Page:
A Conference for Atheist and Agnostic Alcoholics is Taking Place in California This Weekend

Cross-post from Religion

November 6, 2014
by Hemant Mehta

This weekend, in Santa Monica, California, the We Agnostics & Free Thinkers International AA Convention is taking place for non-religious people who struggle with alcoholism:



It’s fascinating for a few reasons: Alcoholics Anonymous is a theistic group (forcing atheists who use the program to make adjustments to the Twelve Steps). The speakers are (mostly) anonymous, using the typical first name, last initial designation.

The topics are interesting, too. Among them: “Is spirituality compatible with Agnostic AA?,” “The importance of having the WAFT voice in AA literature,” “Reaching WAFTs in the Digital Age,” and “LGBT WAFT.”

While it may not be possible, especially since this is the first conference of its kind — organizers plan to hold a conference every two years — I hope there’s a way to make these speeches and discussions available to the public. I’m sure they could help a lot of people who would shy away from AA’s religious program but who are unable to make it to California this weekend.

http://www.patheos.com/blogs/friendlyatheist/2014/11/06/a-conference-for-atheist-and-agnostic-alcoholics-is-taking-place-in-california-this-weekend/

8 replies, 1479 views

Reply A Conference for Atheist and Agnostic Alcoholics is Taking Place in California This Weekend (Original post)
rug Nov 2014 OP
TygrBright Nov 2014 #1
pablo_marmol Nov 2014 #2
rug Nov 2014 #3
pablo_marmol Nov 2014 #4
demosincebirth Jul 2015 #5
progree Jul 2015 #6
demosincebirth Jul 2015 #7
progree Jul 2015 #8

Response to rug (Original post)

Fri Nov 7, 2014, 05:25 PM

1. I'm so glad to see this movement growing and organizing!

It's been needed within AA for a long while, now.

hopefully,
Bright


Thu Nov 13, 2014, 02:46 AM

2. I was there........it was GREAT!

Spent a lot of the weekend volunteering, but still managed to get in some provocative workshops and talks. I've almost finished two of the three books I bought from authors at the event, and they're fantastic resources......especially for sponsoring newcomers who are stymied by 'the God bit'.

I'll post some more links to agnostic/atheist resources when I get a chance on a separate thread. Kicked my ass for not thinking about posting here prior to the event, but not surprised that someone else did. Good job rug!

Edited to add: This will be a bi-annual event. The next one will be in Austin Texas in '16. Check out the AA Agnostica website for reviews of the event, and books for sale.


Thu Nov 13, 2014, 03:28 PM

3. Thanks for the report.

 

I'll add your link.

http://aaagnostica.org/


Fri Nov 14, 2014, 03:13 AM

4. Thanks for linking to AA Agnostica.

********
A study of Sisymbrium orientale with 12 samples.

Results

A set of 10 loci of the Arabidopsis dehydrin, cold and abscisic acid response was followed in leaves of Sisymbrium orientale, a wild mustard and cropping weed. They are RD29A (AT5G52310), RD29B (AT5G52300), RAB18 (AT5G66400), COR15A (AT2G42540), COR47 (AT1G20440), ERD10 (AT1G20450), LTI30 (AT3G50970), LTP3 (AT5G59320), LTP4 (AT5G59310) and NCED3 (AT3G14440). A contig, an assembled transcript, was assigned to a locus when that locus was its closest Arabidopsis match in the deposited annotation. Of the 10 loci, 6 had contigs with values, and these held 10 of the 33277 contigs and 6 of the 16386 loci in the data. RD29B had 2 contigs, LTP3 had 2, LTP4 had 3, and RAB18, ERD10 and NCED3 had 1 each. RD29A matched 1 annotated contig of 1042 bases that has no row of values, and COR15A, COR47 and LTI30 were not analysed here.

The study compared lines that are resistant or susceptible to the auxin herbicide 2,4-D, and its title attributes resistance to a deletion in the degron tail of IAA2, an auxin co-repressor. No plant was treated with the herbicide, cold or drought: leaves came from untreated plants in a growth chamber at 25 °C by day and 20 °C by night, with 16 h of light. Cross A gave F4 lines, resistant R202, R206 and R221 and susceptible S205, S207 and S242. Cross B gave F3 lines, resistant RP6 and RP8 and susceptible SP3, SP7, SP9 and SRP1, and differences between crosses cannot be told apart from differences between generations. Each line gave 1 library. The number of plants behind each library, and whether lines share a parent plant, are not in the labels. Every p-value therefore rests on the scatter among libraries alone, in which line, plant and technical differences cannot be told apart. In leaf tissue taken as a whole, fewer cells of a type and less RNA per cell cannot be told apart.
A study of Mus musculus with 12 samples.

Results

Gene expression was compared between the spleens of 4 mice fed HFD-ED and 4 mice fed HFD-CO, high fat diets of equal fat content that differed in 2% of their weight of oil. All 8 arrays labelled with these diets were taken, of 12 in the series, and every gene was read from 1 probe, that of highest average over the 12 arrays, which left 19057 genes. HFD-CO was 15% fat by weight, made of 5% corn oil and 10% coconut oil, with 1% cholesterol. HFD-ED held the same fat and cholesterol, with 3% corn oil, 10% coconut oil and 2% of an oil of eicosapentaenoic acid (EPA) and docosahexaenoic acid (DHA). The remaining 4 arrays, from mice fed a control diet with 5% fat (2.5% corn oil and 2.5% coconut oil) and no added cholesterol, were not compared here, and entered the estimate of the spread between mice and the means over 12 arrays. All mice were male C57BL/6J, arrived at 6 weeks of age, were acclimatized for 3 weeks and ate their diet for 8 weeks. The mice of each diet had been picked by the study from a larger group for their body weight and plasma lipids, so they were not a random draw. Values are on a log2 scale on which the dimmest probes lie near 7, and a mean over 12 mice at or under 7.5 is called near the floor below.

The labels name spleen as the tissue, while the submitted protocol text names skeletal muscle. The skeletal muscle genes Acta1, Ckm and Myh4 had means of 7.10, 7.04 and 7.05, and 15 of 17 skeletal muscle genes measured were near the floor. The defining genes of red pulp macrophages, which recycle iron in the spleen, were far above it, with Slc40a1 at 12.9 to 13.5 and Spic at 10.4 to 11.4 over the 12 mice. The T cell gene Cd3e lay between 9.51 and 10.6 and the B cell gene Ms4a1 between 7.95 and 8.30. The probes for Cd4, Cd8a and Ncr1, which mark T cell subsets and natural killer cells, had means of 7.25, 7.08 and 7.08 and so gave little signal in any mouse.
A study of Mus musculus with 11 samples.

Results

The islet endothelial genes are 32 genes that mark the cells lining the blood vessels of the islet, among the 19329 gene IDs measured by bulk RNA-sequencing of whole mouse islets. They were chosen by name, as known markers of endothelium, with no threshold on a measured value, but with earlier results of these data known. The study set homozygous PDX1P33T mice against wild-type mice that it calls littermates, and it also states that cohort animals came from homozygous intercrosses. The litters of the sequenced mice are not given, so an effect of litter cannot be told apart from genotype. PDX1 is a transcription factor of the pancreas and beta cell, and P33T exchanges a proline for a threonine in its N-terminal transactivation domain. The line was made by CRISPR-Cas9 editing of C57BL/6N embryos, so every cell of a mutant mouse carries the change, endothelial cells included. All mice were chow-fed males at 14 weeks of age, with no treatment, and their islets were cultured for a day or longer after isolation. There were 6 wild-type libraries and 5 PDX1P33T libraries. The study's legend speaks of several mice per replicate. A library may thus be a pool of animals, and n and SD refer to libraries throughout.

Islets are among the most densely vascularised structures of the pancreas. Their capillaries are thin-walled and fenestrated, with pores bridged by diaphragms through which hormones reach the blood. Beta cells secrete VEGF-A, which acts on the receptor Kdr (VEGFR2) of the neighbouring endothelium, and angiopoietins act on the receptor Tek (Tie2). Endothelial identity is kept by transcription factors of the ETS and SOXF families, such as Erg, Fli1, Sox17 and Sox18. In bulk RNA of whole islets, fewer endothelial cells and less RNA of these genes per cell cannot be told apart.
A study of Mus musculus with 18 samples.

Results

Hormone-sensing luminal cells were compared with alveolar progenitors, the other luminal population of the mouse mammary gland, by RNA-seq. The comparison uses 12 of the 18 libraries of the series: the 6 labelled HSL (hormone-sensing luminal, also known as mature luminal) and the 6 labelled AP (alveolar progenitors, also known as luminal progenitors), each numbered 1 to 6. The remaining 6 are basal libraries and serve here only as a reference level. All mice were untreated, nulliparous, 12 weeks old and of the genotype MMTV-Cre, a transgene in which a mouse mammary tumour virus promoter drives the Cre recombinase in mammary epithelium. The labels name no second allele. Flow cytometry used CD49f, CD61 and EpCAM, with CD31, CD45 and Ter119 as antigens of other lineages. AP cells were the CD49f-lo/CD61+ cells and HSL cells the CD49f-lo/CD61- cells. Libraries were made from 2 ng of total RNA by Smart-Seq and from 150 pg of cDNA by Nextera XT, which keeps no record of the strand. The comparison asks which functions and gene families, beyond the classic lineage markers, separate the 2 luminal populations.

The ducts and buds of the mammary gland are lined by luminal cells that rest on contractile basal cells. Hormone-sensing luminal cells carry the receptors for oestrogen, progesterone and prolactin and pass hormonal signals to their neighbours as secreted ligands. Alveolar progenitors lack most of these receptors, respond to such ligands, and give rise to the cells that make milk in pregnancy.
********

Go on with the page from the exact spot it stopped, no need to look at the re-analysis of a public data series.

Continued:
I met the webmaster at the conference. Great guy, and his book 'Don't Tell' is solid!


Wed Jul 1, 2015, 12:46 AM

5. AA is not a religious program, it's a spiritual one.


Wed Jul 1, 2015, 02:20 AM

6. Distressingly, it is both spiritual and religious to me

Last edited Wed Jul 1, 2015, 05:25 AM - Edit history (2)

All the state supreme courts and federal appeals courts that have heard these cases about A.A./N.A. religiosity agree (that's 6 out of 6), and that therefore, on First Amendment Establishment Clause grounds, government cannot coerce any inmate or parolee to attend A.A./N.A. meetings. The U.S. Supreme Court declined to hear one of these appeals court rulings, letting this ruling stand.

http://www.democraticunderground.com/1144174#post32

Not just my opinion, not just the courts' opinions, please check out aaagnostica.org which is spearheading a rapidly growing agnostics in AA movement, most by people who don't fit in with regular A.A. and who find the proselytization about a prayer-answering favor-dispensing deity unhelpful and alienating.

Some people think it is religious, some not, and hopefully we can leave it at that and hopefully avoid a rehash of all that is in that http://www.democraticunderground.com/1144174 thread, in which every imaginable point pro and con has been made and dissected.


Thu Jul 2, 2015, 05:37 PM

7. It's in the by-laws if they every want to read them.


Thu Jul 2, 2015, 06:01 PM

8. A.A. declaring itself to be not religious doesn't make that true

Last edited Fri Jul 3, 2015, 08:26 PM - Edit history (2)

according to all the state supreme courts and federal appeals courts that have heard these cases.

Or any definition of religious / religion that I've ever seen.

[font color = red]On Edit:[/font]

On the other hand, it would not affect me one iota if A.A. were declared by the courts to be NON-religious and even if A.A. didn't match any dictionary definitions of religious. I still find it highly religious, and court decisions and dictionary definitions don't change my perception of it.

But it is up to each person to go to the meetings of several different groups and decide for himself/herself whether or not it is or isn't, and whether or not it matters to him/her or not.

For example, many atheists think it is religious but aren't all that bothered about it, and manage to get a lot out of other aspects of the program (association with others battling the same disease, and accountability for example).

For me, thankfully there are a couple of local agnostic A.A. groups where I can get the good without the religiosity.